Social media is often thought of as a place reserved for sharing photographs of cute animals and funny videos of people falling over. And although these can be found with ease, Twitter and Facebook have proved time and time again that they are vital marketing tools, helping businesses and organisations maximise profit and increase brand profile.

With this in mind, it is no surprise that political parties have been harnessing the power of social and digital media to get people off computers and into polling stations. As well as the traditional newsletters, television debates and interviews, the main parties have been using technology as a platform to display and discuss policies.

Research has found that 45% of Twitter users aged 18 to 34 said they had become interested in or even joined a party that they learned about through the social site. Another 37% admitted to using the micro-blogging platform to research the major parties in the run up to the general election on May 7, which definitely proves the power of 140 characters.

Web pages and digital tools have also helped confused and less tribal voters figure out which party would best represent their views and opinions with various online quizzes and surveys pairing off individuals with a suitable party after answering a few simple questions.

If we judge the outcome on the number of Facebook fans and Twitter followers, the Tories would come out on top. However, it has been revealed that the party in blue spend £100,000 a month on Facebook advertising, outspending the Labour party by a multiple of ten. This could mean that the social media figures do not accurately represent the opinion of the public.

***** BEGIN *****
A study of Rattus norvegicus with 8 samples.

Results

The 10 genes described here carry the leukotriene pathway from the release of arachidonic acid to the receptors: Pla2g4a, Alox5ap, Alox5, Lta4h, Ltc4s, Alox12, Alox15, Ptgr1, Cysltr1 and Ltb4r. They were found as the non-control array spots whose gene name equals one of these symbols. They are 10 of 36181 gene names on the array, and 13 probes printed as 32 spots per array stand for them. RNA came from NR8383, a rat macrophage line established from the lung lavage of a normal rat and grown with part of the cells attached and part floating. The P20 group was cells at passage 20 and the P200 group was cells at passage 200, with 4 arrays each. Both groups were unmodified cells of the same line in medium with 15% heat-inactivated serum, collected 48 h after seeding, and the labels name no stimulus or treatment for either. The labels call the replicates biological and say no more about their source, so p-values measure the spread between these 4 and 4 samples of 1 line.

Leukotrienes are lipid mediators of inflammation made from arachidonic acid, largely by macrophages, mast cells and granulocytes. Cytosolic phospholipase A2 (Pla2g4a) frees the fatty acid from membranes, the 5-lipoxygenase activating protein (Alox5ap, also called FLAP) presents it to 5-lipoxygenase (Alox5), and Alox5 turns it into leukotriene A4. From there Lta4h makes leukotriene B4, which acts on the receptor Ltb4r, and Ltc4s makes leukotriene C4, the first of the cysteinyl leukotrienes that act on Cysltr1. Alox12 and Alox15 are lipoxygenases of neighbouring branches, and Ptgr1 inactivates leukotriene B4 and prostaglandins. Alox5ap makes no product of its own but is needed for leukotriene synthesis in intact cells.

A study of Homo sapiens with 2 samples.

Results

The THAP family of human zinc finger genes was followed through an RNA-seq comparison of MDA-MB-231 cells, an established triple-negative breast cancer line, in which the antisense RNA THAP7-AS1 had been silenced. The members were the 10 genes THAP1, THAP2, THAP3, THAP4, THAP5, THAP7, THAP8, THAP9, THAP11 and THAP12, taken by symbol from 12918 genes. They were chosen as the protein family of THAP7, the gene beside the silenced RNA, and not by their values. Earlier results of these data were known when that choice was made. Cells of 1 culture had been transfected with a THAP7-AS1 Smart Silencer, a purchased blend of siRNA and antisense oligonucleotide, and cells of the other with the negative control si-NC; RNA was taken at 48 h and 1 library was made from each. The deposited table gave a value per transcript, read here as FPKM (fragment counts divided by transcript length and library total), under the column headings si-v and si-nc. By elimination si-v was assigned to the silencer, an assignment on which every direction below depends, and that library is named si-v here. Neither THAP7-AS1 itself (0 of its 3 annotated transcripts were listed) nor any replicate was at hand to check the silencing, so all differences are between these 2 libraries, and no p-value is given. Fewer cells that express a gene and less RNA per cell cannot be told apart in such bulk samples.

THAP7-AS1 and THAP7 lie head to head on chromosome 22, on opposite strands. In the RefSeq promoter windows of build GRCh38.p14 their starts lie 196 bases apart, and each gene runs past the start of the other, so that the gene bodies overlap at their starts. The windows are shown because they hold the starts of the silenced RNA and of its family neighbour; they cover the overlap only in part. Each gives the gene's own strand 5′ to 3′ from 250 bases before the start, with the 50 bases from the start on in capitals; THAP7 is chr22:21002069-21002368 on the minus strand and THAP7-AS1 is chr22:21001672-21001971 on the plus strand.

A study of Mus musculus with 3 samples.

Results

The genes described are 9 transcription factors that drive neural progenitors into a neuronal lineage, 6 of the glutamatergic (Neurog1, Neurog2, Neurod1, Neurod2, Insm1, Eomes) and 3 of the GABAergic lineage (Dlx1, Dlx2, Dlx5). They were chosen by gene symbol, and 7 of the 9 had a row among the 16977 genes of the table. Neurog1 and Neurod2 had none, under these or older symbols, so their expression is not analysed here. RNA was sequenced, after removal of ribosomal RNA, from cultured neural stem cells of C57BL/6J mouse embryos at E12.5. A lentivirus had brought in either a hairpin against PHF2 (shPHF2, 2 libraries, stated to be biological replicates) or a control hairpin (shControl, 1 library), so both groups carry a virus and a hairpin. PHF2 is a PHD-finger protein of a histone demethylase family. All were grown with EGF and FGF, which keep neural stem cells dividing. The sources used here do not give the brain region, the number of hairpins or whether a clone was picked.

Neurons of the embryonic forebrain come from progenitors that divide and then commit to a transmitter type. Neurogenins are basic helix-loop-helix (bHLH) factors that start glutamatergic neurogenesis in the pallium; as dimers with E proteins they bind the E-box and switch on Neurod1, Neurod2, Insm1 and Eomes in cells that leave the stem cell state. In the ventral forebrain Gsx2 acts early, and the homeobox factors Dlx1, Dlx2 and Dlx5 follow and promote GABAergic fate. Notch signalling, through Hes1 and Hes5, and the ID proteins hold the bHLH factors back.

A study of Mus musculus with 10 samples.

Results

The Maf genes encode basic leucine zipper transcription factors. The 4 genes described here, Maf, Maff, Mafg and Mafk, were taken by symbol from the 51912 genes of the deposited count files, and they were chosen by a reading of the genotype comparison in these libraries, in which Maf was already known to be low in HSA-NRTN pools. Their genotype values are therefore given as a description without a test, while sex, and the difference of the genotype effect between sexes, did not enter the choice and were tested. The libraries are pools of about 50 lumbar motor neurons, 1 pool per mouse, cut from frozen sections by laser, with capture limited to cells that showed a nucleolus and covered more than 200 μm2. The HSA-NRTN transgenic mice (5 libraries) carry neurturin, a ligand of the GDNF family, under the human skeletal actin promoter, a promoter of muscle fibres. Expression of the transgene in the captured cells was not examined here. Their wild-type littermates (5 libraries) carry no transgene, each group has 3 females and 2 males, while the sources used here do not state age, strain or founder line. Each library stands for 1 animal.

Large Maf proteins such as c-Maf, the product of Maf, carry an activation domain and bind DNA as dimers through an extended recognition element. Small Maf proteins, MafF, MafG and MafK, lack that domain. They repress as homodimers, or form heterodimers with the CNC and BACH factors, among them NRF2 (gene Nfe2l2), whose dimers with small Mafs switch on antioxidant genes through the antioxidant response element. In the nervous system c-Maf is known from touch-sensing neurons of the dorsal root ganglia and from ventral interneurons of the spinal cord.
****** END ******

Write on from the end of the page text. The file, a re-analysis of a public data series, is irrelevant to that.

Although it seems that the Tories have deeper pockets, Labour used their social media presence more wisely. A seemingly innocent ‘How Common is Your Name?’ quiz went viral on Facebook, however embedded in the post was a subtle message encouraging participants to vote. Once users had taken the quiz, their email address was automatically entered into the Labour database. The party managed to collect a large number of data without spending huge amounts of money, leaving the Conservatives red in the face.

Although social media won’t be solely responsible for any party’s win or loss, it is an essential platform for politicians to reach a mass audience. One of the most beneficial elements is that the internet provides an open space for political advertising, which is banned on television and radio in the UK.

Ultimately, the most important function of social media in this election has been to encourage people to register to vote as more than 15 million people never made it to the ballot box in 2010 when the winning party only amassed two thirds of that figure.

In the run up to the deadline to register on April 20 Twitter sent out a reminder to its UK users urging them to get signed up and we will find out after May 7 what effect this may have had on turnout and ultimately the outcome of the election. But whichever way you look at it, social media is definitely playing a positive role in the democratic process.